5 Ways Your Grocery Shopping Will Change in 2016

Grocers roll out entertainment, food and drink, technology and convenience as they try to lure customers to shop with them.

Need a little wine while wandering supermarket aisles?

That could be one of the many inducements grocery shoppers encounter if they head to the store in 2016, if they’re not staying home ordering their steak, potatoes and detergents online, one expert predicts.

We go to the store a lot. Americans spent about $638 billion at supermarkets in 2014, according to the Food Marketing Institute. However, our average tab, it says, is just $29.90 per visit. Customers averaged 1.5 visits a week in 2015, it says.

“Look for grocers to get creative and enliven what has been a mundane chore,” says John Karolefski, veteran supermarket analyst who runs GroceryStories.com.

Karolefski recently identified the top five trends he expects we’ll see in the new year, including continued growth in some trends that are well underway. His predictions:

1. Shopping online

Ordering groceries online, which has grown steadily for a few years, will surge in 2016. H-E-B and Hy-Vee recently opened impressive online stores. More grocers will join the 65 retailers partnering with Instacart, which lets consumers order groceries online and pairs them with personal shoppers who hand-pick items at customers’ favorite stores and deliver them. More markets will test curbside pickup of groceries ordered online.

2. Digitizing the supermarket

More retailers will connect with smartphone-carrying shoppers, especially millennials who will account for most grocery purchases as they start families. Grocers such as Marsh Supermarkets and others have equipped stores with Bluetooth-enabled beacons to send ads, coupons and product information to shoppers.

Electronic Shelf Labels (ESLs) now being tested by Kroger, will spread. ESLs display prices, ads and nutritional information.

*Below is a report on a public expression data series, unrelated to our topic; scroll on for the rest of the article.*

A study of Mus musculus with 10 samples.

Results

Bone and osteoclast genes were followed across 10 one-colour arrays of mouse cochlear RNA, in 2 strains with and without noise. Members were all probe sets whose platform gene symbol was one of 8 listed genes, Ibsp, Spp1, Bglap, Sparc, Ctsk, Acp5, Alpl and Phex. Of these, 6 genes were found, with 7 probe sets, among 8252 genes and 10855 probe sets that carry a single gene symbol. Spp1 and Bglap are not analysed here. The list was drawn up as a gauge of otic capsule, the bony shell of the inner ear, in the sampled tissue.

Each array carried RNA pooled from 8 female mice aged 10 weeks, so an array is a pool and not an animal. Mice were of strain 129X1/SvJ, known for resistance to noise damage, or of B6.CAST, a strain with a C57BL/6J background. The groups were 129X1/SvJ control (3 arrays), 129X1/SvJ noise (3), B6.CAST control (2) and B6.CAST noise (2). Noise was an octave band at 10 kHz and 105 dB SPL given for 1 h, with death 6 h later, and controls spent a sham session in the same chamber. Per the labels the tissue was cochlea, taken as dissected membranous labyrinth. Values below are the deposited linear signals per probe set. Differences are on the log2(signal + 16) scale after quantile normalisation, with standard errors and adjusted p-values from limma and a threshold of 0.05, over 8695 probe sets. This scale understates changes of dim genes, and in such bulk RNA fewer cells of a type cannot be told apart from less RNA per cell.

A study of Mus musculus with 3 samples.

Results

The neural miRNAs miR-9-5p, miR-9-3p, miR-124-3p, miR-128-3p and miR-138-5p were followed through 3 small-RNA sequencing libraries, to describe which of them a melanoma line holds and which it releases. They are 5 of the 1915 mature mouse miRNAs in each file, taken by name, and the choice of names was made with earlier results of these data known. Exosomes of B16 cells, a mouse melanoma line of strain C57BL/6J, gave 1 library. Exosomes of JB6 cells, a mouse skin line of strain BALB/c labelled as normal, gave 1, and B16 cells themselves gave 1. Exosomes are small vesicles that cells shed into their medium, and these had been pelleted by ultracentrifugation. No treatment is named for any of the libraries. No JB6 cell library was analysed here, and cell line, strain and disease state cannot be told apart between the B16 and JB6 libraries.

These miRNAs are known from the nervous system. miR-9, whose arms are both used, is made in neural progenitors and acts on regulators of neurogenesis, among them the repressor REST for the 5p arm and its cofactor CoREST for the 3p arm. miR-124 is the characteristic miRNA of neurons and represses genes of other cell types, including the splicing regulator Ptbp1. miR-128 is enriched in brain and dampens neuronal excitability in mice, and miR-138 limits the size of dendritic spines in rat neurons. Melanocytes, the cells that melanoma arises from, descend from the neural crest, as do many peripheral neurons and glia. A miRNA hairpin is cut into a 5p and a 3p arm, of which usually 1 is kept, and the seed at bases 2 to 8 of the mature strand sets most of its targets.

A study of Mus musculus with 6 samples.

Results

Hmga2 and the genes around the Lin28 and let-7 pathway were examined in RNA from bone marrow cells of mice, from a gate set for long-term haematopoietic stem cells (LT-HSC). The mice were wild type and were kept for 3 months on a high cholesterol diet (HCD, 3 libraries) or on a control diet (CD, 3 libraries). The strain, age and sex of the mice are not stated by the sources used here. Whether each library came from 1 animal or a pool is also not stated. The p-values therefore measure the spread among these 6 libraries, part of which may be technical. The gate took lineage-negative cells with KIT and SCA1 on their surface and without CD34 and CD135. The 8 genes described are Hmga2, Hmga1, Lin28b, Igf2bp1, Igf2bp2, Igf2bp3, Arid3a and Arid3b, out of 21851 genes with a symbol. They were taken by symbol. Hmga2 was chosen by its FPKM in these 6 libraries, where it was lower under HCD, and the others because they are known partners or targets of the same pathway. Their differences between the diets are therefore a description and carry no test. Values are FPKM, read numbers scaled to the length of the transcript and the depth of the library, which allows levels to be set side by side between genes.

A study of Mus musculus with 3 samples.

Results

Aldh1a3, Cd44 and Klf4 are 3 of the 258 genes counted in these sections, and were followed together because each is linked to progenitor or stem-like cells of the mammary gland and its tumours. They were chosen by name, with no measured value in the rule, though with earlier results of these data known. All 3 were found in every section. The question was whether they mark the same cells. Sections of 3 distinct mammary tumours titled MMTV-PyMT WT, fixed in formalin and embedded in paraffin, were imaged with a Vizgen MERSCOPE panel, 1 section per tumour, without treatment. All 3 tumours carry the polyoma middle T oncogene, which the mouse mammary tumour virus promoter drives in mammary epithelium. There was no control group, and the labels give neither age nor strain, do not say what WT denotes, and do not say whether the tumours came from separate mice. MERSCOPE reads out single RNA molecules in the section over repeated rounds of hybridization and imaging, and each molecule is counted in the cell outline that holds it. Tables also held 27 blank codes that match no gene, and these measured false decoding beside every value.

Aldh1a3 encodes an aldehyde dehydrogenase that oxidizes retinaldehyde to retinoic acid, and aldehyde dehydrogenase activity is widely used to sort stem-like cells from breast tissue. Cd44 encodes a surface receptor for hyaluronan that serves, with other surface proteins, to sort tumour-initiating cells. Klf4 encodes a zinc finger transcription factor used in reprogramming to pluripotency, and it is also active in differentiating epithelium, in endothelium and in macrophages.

3. Shrinking the supermarket

Grocers will open smaller supermarkets to cater to the needs of small households, especially in growing urban areas. Hy-Vee operates four 14,000-square-foot Mainstreet stores; Ahold has opened the first of its 10,000-square-foot “bfresh” grocery stores in Boston, and near Portland, Maine, Hannaford opened a 20,000-square-foot store focusing on fresh foods.

4. Entertaining in stores

Operators of large supermarkets will lure customers with special events, including more product sampling, nutritional tours and cooking demonstrations.

Chefs at H-E-B stores prepare a variety of recipes every day as part of the Cooking Connection program. At Giant Eagle’s Market District store in Solon, Ohio, it is Food and Wine Friday every week. Shoppers sample wines and hors d’oeuvres at serving stations throughout the store.

5. Dining in stores

Many new large supermarkets include a cafe with a light menu. The lunch crowd at Mariano’s in Wheaton, Illinois, can enjoy pizza. Giant Eagle’s Market District in Strongsville, Ohio, has a full-size bar next to a cafe. More supermarkets are adding Starbucks.

Will these trends affect your shopping habits? Share with us in comments or on our Facebook page.

Stacy Johnson


    The late Ed Lloyd owned 3 Lloyd’s supermarkets, which he started sometime in the 1940’s and lasted until sometime in the late ’80’s/early ’90’s, in Newburgh, Middletown and Warwick, NY. He was indeed a pioneer. He had full service, sit-down restaurants and quick snack bars (pizza, burgers, etc.) in his stores, as well as “Lloyd’s Gas” stations in the parking lot. What’s old is new again, upgraded by advancing technology that he couldn’t have conceived of.

  • Farmer_Girl

    I quit shopping traditional grocery stores several years ago. The majority of my food purchases come through a local organic buying group. Everything is purchased from local growers or through a network of small family owned farms. Removing profit driven big agra corporations from my supply chain was my goal and I was successful. More people are joining the locovore, organic buyer model and less are relying on unhealthy big agra companies to feed their families. My goal is to be totally self sufficient within the next five years.